Take it from someone who has known Alisha their entire life, she is a soft-spoken sweetheart. The state of our nation under police killings of African Americans and black lives matter protests erupting in every state had such magnitude that it forced her to speak out from under her indie-soul shell.
It would be unfair to pin Alisha to one genre as the last sentence indicated. She is a mixture of every African American-originated genre. Basically, she has mastered blues, jazz, pop, rock, R&B, and soul. Her latest music video is a cover of indie and soul artist Jhene Aiko’s “Born Tired.”
Jones starts her cover off with an inspirational quote from Martin Luther King Jr. and then switched between frames that captured a still setting as she moved across the scenery.
“At first, it was going to be a fun other cover I did, but I was so upset with the things going on to the point I had to do something about it,” Jones said.
In the music video there is a scene of Jones crying over the lives lost by white supremacy and police brutality.
Raising her fist in the air, this is Jones’ sixth time making a civil rights inspired singing video. She has published many other covers and social justice based performances on TikTok and Facebook.
Her angelic voice plays in a wistful waltz alongside her acoustic guitar, harps, bass and acoustic drums. Her movements captured by a camera standing still in it’s position vary from groovy dances to soulful led sways in her shoulders.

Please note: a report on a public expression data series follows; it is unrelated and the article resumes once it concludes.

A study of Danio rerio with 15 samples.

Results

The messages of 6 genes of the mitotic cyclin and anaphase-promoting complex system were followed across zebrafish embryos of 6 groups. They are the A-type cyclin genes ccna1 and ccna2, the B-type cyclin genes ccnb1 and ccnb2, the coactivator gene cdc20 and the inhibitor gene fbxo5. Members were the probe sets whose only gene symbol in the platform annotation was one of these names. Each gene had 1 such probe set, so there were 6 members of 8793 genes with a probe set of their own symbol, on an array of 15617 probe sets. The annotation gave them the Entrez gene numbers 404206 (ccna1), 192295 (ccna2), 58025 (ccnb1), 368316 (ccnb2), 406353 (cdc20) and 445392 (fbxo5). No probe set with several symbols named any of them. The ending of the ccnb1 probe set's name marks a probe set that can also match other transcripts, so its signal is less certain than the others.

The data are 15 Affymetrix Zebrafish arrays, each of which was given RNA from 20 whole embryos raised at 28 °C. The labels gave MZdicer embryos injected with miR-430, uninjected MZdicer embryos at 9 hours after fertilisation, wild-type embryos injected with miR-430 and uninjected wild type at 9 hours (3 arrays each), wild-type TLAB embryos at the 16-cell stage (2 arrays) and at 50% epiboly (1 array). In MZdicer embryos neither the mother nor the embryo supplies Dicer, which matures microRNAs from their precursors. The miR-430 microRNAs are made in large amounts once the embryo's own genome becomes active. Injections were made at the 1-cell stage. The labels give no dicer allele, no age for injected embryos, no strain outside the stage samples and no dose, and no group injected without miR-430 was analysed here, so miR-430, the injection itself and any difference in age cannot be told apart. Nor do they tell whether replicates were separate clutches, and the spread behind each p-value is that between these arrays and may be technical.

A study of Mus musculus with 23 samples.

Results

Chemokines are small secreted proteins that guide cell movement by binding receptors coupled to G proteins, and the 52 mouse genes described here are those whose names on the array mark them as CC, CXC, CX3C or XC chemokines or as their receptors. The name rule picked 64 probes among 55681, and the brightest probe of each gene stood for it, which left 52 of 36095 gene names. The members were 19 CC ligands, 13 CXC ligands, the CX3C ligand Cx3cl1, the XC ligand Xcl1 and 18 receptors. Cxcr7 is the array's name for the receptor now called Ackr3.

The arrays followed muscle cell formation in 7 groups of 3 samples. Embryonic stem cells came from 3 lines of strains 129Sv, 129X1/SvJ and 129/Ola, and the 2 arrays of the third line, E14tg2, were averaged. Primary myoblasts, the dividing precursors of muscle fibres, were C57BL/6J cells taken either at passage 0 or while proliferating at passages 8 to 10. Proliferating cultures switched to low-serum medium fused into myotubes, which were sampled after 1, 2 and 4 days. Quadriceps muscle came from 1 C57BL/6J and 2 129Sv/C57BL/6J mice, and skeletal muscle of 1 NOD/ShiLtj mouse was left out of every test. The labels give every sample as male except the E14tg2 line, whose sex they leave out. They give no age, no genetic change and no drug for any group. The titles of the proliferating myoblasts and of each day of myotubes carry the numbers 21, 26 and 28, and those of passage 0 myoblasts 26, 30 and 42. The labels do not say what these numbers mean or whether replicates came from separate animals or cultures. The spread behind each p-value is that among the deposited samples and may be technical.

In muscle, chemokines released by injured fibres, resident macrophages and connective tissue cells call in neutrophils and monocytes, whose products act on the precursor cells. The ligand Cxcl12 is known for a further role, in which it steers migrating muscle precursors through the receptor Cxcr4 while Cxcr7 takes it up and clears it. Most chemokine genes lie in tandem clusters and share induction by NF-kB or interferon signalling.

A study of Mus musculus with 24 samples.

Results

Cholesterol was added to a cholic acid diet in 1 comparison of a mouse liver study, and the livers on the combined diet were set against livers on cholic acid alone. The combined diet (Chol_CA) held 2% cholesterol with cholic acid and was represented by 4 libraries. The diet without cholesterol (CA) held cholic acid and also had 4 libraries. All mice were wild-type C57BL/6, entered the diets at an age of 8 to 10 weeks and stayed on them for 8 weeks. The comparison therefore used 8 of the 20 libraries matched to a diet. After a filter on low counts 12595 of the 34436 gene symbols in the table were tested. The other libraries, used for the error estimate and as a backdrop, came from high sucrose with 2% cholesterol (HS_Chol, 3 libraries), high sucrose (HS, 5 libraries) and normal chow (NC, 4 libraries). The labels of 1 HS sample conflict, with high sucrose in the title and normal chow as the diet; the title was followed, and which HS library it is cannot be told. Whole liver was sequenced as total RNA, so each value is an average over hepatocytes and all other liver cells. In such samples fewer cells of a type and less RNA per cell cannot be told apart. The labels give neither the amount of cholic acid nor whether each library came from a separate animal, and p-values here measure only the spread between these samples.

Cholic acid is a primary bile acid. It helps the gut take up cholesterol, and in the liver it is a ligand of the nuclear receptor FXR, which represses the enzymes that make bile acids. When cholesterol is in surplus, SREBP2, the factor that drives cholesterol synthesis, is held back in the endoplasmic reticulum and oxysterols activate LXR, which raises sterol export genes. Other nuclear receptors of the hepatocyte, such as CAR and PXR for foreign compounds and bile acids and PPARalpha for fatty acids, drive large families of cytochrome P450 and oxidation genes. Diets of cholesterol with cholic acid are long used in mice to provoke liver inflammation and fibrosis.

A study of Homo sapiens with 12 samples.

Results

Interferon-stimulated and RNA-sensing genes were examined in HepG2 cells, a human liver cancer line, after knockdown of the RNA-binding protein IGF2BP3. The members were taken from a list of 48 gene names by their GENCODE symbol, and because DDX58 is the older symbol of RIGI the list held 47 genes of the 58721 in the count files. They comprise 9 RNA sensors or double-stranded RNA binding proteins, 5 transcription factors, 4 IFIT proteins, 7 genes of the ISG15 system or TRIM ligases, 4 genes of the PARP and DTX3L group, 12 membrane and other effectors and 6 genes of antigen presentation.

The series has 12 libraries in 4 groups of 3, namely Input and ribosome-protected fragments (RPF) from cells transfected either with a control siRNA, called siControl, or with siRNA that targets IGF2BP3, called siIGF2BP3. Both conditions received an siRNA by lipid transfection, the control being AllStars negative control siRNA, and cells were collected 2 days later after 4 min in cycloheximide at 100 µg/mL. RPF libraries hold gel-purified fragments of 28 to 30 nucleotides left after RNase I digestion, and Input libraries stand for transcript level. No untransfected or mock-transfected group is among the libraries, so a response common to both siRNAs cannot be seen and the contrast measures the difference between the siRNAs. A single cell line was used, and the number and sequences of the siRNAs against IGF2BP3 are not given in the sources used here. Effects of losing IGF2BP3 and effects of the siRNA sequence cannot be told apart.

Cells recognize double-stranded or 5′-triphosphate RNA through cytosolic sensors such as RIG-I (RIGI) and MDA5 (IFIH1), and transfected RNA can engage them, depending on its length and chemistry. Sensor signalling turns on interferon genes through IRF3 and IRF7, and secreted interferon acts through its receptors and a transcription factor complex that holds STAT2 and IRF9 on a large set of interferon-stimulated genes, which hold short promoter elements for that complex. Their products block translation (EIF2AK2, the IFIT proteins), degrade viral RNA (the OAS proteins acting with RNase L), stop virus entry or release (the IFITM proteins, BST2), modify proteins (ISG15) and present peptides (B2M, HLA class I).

When asked what she wanted viewers to gain from watching her video, Jones said:
“Peace in knowing that sometimes not everything is going to be ok,” Jones said. “When they watch this video I want them to understand that you can still find peace in even the unpeaceful situations and Just a good time. Because Jhene Aiko helps me feel that peace so I want them to feel that peace.”
Her guitar Nathan, named after Nathan Sharpe, makes an appearance in the video. Every run of Jones’ made carried the emotions of listeners on her sleeve. Her high notes tugged on heart strings. In the video she poured a cup of tea and looking into it showing how ‘bored’ and ‘tired’ she was.
“…trying to entertain myself with everything else that is going on,” Jones said.
Even the artist’s birthday celebration is dedicated to raising funds for the Tulsa Race Massacre Commission. She wants to support her local black brothers and sisters in Tulsa, Oklahoma who are still waiting for their reparations from Tulsa’s Race Riot.